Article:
OpinionJewish Diaspora

The resounding importance of Yom Hazikaron

Israel’s Day of Remembrance has significance for us all, even Diaspora Jews.

An Israeli soldier places flags around the Mount Herzl Military Cemetery in Jerusalem ahead of Yom Hazikaron, May 8, 2024. Photo by Yonatan Sindel/Flash90.
An Israeli soldier places flags around the Mount Herzl Military Cemetery in Jerusalem ahead of Yom Hazikaron, May 8, 2024. Photo by Yonatan Sindel/Flash90.
Jan Lee. Credit: Courtesy.
Jan Lee
Jan Lee is an award-winning editorial writer and former news editor. Her articles and op-eds have been published in a variety of Jewish and travel publications, including the Baltimore Jewish Times, B’nai B’rith Magazine, Jewish Independent and The Times of Israel.

This year, more than most, Jews internationally need to commemorate Yom Hazikaron.

Israel’s Day of Remembrance was created more than 70 years ago with a unique purpose, which was to honor soldiers and civilian fighters killed during the efforts to establish its nationhood. But in recent years, it has taken on an additional role: to acknowledge the mounting numbers of citizens murdered during terrorist attacks on Israeli soil.

The Ministry of Diaspora Affairs and Combating Antisemitism went a step further last year by introducing a policy that recognizes the victims of antisemitic terror attacks throughout the world. No event more symbolizes that connection than the Oct. 7 massacre in southern Israel—an attack whose victims hail from across the world and include Jews, Christians and innocents of other faiths as well.

But this year’s memorial has another, often overlooked significance. This year marks a half-century since the terrorist attack in the northern city of Kiryat Shmona when 18 civilians, largely immigrants, were murdered in their homes. Eight of the victims were children in their apartments during the Passover holidays. The massacre and the terror attacks that followed during the next few months that year became front-page news in international media, forcing the U.N. Security Council to intervene and call for a buffer zone on Lebanon’s southern border. According to U.N. Security Council records from April 1974, Israel’s efforts to persuade the United Nations to hold both Lebanon and the Palestinian Liberation Organization accountable for the cross-border attack were rebuffed. U.N. peacekeeping troops were established briefly on the border, but Lebanon refused to assume responsibility to stop terrorists from crossing into Israel.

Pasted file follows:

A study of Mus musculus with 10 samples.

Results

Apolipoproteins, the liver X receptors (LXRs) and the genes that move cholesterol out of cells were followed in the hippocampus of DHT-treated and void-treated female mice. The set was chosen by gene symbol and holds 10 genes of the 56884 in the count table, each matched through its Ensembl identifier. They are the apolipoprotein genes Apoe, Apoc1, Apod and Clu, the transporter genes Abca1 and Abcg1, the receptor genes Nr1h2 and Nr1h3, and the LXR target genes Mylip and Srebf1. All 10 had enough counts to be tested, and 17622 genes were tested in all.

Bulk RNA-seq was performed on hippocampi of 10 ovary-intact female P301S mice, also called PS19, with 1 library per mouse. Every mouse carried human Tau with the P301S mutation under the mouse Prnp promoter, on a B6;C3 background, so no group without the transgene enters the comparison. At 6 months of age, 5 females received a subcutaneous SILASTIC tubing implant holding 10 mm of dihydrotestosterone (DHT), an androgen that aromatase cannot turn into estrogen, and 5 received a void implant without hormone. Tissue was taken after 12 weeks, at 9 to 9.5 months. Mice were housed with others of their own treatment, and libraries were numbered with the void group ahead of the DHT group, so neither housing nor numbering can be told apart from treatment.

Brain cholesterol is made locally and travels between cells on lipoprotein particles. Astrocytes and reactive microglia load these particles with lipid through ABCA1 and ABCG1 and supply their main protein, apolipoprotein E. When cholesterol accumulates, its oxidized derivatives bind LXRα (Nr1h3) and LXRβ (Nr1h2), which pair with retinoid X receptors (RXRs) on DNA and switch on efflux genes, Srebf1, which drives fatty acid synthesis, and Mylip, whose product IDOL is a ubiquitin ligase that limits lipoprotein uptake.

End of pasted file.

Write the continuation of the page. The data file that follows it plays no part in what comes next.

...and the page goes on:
I was in Kiryat Shmona a half-hour before the attack that morning. I was waiting for a bus to Jerusalem, where I planned to spend the rest of the Passover holiday. The bus left filled with travelers, including residents from the apartment building that had been targeted. Egged buses in those days were equipped with a portable radio that in the best of times was hard to hear over the chatter of riders. But when the emergency broadcast came on, panic ensued. Passengers began pleading with the driver to turn the bus around and head back to Kiryat Shmona so they could check on their families. The bus was eventually flagged and pulled over by a supervisor, who confirmed the news. The city had already been cordoned off by Israel Defense Forces, and the driver was ordered to continue on to Jerusalem.

It was a searing experience to step off a bus crammed with families and solitary travelers, knowing that some had survived a terrorist attack because they were on a shopping trip instead of at home. And worse, that they might not find out the fate of their families until they returned home. But the image I think of every Yom Hazikaron is that of the young Russian immigrant from Kiryat Shmona sitting next to me, whose tears were reflected in the window pane next to her. She had confessed to me a few minutes earlier that she was still learning conversational Hebrew. Apparently, she knew enough to understand the worst of the news broadcast.

Public memorials like Hazikaron help us heal. But they also serve as a way to register and reflect public unity and sentiment about compelling issues. And sometimes, when our representatives listen hard enough, response to those memorials can inspire action.

Perhaps Israel’s decision last year to enact a policy that recognizes the worldwide victims of antisemitism was prescient of the increasing need for global action against terrorism. It’s an uncomfortable thought. But if Israel is going to overcome the greatest threat to its safety, it won’t just come from within—from the yearly sirens that mark its losses or from its incessant efforts to inspire the United Nations to finally support its side of disputes. It will also come from those of us in the Diaspora, who know all too well the importance of a Jewish homeland.

The opinions and facts presented in this article are those of the author, and neither JNS nor its partners assume any responsibility for them.